The ballast weight you carry doesn't change during a dive, but it's often the biggest problem for divers who struggle with perfecting neutral buoyancy. Many divers are overweighted for the type of diving they do, carrying more lead than they need. That makes buoyancy control more difficult because every extra pound of lead has to be balanced with an extra pound of buoyancy.
But because the air in your BC expands and contracts with depth changes, you have to be constantly adding or subtracting air from your BC. So extra lead means extra thrust up or down when you change depth, and requires extra fiddling with your BC valve controls. Sometimes it means nearly constant fiddling.
Here are our tips for taking off that extra weight.
Just do it. Take off two pounds before your next dive. Can't get below the surface? Before you reach for the lead again, make sure you really need it. Getting below the surface, especially on the first dive of the day, can be surprisingly difficult and can trick you into carrying more lead than you really need.
Be patient. The plush lining of a dry wetsuit can trap a surprising amount of air, and therefore buoyancy, in its fibers, and it takes a minute or so to get fully wet.
Reach up. Hold the inflator hose over your head and stretch it upward a little so its attachment point to your BC is highest. At the same time, says Linda Van Velson, a PADI course director, "dip your right shoulder and squeeze the BC against your chest with your right arm." This maneuver encourages the last few bubbles to find the exit.
Rock backward a little. Many BCs trap a bubble of air just behind your head. Rocking backward as if you are in a La-Z-Boy recliner moves the exhaust hose over the bubble and lets it escape.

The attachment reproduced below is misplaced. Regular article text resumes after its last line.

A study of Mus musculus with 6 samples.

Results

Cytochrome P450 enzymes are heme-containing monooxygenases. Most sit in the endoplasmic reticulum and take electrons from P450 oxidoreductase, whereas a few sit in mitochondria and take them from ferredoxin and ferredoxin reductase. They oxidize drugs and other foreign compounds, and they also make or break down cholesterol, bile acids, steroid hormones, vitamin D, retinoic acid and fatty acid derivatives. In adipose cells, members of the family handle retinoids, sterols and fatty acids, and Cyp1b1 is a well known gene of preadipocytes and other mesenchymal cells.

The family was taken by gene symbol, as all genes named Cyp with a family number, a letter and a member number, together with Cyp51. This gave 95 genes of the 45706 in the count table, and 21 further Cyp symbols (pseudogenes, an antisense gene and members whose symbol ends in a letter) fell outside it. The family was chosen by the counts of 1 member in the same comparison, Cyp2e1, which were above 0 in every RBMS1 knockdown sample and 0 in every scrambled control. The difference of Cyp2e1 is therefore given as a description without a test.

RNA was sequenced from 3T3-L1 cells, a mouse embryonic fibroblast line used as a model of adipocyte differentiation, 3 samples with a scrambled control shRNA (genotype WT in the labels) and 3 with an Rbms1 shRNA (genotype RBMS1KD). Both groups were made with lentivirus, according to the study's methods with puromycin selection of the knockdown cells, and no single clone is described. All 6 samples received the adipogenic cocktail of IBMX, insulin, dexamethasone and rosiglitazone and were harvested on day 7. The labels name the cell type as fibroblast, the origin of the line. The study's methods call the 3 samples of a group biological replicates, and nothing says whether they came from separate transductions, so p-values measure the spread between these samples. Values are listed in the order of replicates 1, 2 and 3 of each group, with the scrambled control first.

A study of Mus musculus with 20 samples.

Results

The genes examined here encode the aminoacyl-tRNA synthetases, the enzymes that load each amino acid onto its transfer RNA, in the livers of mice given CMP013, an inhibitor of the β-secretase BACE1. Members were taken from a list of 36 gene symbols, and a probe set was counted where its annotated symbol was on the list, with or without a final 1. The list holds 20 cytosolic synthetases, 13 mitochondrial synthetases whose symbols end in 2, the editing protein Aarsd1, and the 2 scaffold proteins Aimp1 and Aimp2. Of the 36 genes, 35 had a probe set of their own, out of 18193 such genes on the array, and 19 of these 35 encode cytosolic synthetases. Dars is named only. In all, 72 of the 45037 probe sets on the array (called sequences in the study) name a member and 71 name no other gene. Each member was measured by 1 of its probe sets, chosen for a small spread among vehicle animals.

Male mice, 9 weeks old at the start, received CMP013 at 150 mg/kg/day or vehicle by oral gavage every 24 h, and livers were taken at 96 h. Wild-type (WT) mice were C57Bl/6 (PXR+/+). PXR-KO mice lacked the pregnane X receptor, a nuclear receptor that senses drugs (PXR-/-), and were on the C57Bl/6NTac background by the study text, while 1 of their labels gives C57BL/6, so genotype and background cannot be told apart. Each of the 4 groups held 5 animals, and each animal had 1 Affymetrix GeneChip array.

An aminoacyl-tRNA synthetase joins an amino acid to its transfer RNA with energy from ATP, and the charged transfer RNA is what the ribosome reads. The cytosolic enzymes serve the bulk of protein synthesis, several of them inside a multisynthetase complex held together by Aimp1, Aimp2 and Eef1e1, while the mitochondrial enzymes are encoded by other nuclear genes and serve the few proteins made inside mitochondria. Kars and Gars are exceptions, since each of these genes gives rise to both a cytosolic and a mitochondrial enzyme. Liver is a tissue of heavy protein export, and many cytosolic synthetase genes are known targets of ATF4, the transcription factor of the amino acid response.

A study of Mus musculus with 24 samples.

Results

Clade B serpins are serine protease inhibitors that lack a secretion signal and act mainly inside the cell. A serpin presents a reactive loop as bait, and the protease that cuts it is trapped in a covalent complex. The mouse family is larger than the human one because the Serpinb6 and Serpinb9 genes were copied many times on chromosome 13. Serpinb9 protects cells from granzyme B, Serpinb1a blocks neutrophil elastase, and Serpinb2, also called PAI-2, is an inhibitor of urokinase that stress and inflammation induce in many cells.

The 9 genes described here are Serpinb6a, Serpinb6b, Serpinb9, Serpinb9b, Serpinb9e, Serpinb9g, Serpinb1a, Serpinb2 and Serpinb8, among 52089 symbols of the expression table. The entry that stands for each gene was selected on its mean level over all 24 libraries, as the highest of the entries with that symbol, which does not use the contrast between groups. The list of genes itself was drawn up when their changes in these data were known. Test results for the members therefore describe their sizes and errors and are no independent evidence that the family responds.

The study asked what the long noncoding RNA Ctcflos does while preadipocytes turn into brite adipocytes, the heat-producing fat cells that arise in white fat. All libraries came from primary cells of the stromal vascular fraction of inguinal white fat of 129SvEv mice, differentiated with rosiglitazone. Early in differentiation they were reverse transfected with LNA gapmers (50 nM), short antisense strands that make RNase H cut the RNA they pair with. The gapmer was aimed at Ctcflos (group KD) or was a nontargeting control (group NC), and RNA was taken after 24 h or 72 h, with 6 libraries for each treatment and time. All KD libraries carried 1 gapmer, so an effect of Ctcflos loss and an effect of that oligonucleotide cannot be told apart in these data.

Relax. Many of us move our hands and feet more than we realize, especially at the beginning of the dive. To counteract that, hold your right arm still at your side (your left is holding up your exhaust hose), extend your legs and point your fins straight down so they have the least resistance to sinking.
Exhale. Another tendency is to hold your breath, and a lungful of air adds as much as 10 pounds of buoyancy. Exhale and hold it until you start sinking, then take shallow inhales until you get below five feet.
Force it. Another option is to use your body weight to generate some downward momentum by lifting part of it out of the water, then letting it fall back. Lying on your face, jackknife your upper body downward, then lift one leg, then another, out of the water. The weight of your legs will drive you downward, and once your fins are in the water you can kick down.
Use the line. If the dive boat is tied off at a mooring, use the line to help pull yourself down. This trick also works for divers who need to go down slowly to equalize.
Get a little help from your friends. Ask your buddy to gently tug your fin and pull you down for the first few feet of your descent. Usually, by the time you're in 10 to 15 feet of water, you should sink without help.
What's the ideal amount of weight? Use our Buoyancy Calculator to determine what's right for you.
Read our Tips on Neutral Buoyancy for more secrets on achieving a the feeling of weightlessness underwater.